You know nothing about how the rematch will play out. Then again, you probably know everything.
Normally in the fight game, so called "experts," and the lay fan too, have at least a modicum of insight into how a fight might play out.
In this corner we have a hulking wrestler, and in the opposite corner we have a scintillating striker. Can the wrestler take the striker to the ground enough times to win via judges decision—maybe finish with some ground-and-pound—or will the striker keep things upright long enough to get the knock out?
With the curious case of Chris Weidman vs. Anderson Silva 2, we have just that. Weidman is that hulking wrestler. And Silva is that scintillating striker. But they are so much more than that, too.
Not only with the respective physical tools they possess—and all their intangibles—but with how they ply their trade at such a high level inside the cage. Most importantly, the mental moxy (if you will) they have both wired into themselves somewhere along the way.
Anything can, and just might, happen in their rematch.
In their first fight, which you can view here, Silva trotted out his normal juke-and-jive routine.
The purpose being to taunt his opponent to throw them off their game. Get them to start swinging at him, a guy who cannot be hit, so he can counterstrike his way into their heart and squeeze it until it stops beating. But for those who've been watching Silva 'dance-and-prance' for years, it felt like something more.
Whether it was just Silva being himself plus a little icing on the cake, him disrespecting Weidman because he felt disrespected that so many were picking the challenger in the upset or the "heavy is the head that wears the crown" theory and he was simply looking for a way to lose, Silva took it too far—and for that, he paid dearly.
It cost him his status as champion. But he was more than just a champ. He was the greatest MMA belt holder of all time, having successfully defended it over the course of seven years and 14 foes.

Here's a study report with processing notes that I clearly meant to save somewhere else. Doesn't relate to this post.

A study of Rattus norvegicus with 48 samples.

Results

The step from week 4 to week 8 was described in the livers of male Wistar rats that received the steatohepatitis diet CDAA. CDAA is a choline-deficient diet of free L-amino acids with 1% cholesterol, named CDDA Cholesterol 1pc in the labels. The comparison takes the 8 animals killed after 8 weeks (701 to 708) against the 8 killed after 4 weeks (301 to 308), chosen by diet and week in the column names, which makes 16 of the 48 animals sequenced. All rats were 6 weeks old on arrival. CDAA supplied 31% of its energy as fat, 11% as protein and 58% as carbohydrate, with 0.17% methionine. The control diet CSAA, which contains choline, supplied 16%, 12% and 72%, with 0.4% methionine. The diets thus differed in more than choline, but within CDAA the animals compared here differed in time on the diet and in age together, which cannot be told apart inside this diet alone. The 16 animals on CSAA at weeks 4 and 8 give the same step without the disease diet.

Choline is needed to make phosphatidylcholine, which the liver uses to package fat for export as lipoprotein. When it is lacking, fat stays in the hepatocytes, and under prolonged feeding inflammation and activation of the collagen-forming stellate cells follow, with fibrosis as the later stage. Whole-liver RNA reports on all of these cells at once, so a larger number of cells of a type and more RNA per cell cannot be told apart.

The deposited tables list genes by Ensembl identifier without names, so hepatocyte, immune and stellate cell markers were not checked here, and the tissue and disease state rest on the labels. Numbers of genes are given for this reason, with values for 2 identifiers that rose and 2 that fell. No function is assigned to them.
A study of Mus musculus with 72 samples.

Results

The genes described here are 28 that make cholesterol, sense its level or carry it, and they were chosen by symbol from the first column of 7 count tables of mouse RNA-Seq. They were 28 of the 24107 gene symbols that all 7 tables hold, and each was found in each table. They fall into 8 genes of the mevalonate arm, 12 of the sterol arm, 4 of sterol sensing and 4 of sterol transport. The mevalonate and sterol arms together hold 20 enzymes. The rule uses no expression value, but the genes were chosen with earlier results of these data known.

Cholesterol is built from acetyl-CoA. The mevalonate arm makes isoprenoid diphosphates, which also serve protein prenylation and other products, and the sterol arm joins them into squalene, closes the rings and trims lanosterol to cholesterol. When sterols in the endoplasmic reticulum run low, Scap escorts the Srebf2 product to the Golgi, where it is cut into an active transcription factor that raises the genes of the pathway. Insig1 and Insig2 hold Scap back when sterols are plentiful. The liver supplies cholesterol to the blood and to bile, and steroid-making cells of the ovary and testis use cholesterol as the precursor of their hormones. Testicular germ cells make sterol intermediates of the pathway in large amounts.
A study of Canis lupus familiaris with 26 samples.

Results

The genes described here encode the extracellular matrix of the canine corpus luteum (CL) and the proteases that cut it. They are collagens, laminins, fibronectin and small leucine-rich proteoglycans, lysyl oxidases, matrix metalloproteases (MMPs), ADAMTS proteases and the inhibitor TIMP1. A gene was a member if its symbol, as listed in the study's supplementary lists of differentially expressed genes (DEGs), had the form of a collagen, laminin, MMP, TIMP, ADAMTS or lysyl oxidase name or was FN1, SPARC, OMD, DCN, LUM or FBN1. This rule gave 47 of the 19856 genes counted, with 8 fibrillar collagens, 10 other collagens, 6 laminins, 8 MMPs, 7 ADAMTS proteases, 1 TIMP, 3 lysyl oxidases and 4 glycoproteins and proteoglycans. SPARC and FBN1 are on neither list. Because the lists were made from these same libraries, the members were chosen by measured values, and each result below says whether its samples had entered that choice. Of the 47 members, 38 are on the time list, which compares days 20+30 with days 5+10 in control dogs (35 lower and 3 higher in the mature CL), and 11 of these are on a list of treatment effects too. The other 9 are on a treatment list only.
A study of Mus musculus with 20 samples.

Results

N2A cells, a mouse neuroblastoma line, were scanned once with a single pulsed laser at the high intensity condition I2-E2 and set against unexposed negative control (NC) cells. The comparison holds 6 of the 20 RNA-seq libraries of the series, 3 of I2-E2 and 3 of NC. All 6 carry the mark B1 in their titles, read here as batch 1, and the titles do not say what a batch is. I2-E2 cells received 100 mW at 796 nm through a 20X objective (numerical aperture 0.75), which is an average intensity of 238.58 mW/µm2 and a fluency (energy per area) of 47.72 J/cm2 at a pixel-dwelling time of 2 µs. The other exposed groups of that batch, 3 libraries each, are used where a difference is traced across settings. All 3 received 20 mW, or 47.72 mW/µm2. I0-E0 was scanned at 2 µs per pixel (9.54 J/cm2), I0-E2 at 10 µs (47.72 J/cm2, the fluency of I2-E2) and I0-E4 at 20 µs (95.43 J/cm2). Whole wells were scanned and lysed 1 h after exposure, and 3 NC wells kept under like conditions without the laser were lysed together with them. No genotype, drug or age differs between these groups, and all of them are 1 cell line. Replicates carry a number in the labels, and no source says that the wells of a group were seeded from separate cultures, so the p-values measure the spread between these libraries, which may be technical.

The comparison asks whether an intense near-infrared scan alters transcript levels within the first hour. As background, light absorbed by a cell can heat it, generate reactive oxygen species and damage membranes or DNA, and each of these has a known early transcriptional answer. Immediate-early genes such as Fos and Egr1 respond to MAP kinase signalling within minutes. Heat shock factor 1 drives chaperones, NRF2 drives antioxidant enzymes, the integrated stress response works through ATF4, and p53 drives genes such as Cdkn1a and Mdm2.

He also gave up having never been knocked out in his record-breaking career. And he was not just knocked out, he was embarrassingly so—getting blasted while in character, that character looking like a jackass to many when Weidman's left hand, clenched tight, landed flush on Silva's face.
Silva's body, unhinged, like all his bones had left his body—like someone pulled the plug on an appliance and it just quit working—unraveling backward to meet the unforgiving Octagon floor. Weidman finished Silva off with some ground-and-pound that had "go f**k yourself" written across his gloves, because, well, he felt Silva had been disrespectful to him during the entire course of the fight.
Weidman don't play that juke-and-jive game, no sir he does not.
In the post-fight speech, Silva gave the impression he was retiring, only to sign on for the rematch a few weeks later. No doubt, Dana White applied the right amount of pressure and flashed the appropriate amount of dollar signs for Silva to run it back at least one more time. One more time translates to what some are calling the biggest and/or most important fight in UFC history.
So yeah, uh, what is going to happen in this rematch? Your guess is as good as mine. There is literally not one thing that will happen before, during or after the fight that should leave anyone surprised.
Be that as it may, the following slides offer some thoughts on what could happen, some of which probably will in fact happen.